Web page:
Fiscal Responsibility

Counties, unlike the Federal government, cannot operate with a deficit. We must balance our budget each year. Fiscal responsibility is critical for ensuring that essential and mandated services such as schools, public health, law enforcement and social services, are provided without overburdening taxpayers. Commissioners are responsible for maintaining financial stability and for the expenditure of public funds. We are and should be accountable for our decisions. Chatham County government is lean and our financial indicators are very strong in comparison to other counties. I thank our hard working county employees and the volunteer work of our citizens for their role in keeping Chatham County on a firm financial foundation. Here are some facts regarding our fiscal status:

  • In the face of the current recession, financial indicators for Chatham County are strong. We are well-prepared to meet both our short and long term financial obligations.
  • When the recession struck, Chatham County immediately froze hiring for many positions as well as wage increases.
  • We trimmed the overall county budget by 3% last year by instituting many cost saving measures.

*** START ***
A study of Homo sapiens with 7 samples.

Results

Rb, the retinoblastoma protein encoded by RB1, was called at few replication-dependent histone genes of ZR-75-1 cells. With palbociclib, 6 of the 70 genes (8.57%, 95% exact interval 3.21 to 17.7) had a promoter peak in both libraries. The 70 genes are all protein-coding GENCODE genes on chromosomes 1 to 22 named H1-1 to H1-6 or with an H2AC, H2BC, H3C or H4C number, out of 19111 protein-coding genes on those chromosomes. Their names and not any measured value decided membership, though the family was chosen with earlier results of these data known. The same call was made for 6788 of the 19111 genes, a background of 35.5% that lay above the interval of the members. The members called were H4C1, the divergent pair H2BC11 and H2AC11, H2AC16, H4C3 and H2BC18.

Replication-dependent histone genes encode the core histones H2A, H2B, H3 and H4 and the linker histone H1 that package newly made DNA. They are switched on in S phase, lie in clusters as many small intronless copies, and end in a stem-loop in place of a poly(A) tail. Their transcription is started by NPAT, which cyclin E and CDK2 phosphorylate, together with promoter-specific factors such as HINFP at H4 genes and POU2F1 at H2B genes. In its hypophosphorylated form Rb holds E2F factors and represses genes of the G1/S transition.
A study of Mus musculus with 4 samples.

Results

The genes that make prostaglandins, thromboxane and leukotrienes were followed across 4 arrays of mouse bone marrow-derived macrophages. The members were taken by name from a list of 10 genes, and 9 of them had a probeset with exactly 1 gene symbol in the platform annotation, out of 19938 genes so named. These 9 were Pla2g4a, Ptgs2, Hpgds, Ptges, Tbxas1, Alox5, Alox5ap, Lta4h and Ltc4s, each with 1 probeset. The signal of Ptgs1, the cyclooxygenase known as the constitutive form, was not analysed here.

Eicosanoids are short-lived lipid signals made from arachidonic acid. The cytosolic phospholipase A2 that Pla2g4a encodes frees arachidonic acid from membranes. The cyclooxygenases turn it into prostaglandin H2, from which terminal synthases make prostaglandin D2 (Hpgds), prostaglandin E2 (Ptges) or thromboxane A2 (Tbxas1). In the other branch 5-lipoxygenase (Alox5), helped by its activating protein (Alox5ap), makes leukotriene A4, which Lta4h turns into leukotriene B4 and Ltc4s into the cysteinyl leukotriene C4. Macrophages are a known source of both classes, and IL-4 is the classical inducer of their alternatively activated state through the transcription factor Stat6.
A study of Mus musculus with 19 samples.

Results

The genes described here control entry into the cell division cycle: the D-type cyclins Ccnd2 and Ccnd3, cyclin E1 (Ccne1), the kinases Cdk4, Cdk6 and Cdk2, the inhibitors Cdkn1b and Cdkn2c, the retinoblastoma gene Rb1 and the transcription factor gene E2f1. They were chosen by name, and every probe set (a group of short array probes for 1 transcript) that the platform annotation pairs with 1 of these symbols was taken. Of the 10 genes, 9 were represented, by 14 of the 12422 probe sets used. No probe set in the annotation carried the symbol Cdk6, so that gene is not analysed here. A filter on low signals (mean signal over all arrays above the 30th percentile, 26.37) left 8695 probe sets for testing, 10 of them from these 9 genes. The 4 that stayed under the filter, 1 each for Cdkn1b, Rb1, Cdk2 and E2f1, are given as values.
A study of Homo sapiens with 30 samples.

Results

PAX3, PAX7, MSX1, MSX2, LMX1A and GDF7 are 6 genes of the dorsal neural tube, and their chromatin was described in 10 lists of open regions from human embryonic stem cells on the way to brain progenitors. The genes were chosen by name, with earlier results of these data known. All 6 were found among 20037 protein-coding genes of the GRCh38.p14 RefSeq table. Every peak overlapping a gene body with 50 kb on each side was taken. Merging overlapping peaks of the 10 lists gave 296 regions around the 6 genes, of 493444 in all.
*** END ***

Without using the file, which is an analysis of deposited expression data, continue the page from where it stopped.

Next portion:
• Property tax rates in Chatham County are about average for North Carolina counties, yet we rank 5th highest in school funding out of 100 counties. Our government is more efficient than most.
  • The number of county employees per capita has decreased in the last two years from 7.07 to 6.95 per 1,000 residents.Chatham County has 20% fewer employees per capita than most counties in North Carolina. The state average is 9 employees per 1000 residents compared to about 7 for Chatham County.
  • Due to the efficient and effective use of resources, funding for law enforcement, public health and social services is less than the state average. This is mainly due to outstanding leadership and hard working employees in each of these areas, and the extraordinary efforts made by our non profit agencies.
  • Because of the county's financial stability, we are able to obtain funding (in a very difficult financial market) for the construction of the Margaret B. Pollard Middle School, the Northwood High School expansion, community college buildings in Pittsboro and Siler City, and the county library.
  • Because these projects were bid during the economic downturn, the county saved nearly $7 million dollars, compared to architect estimates.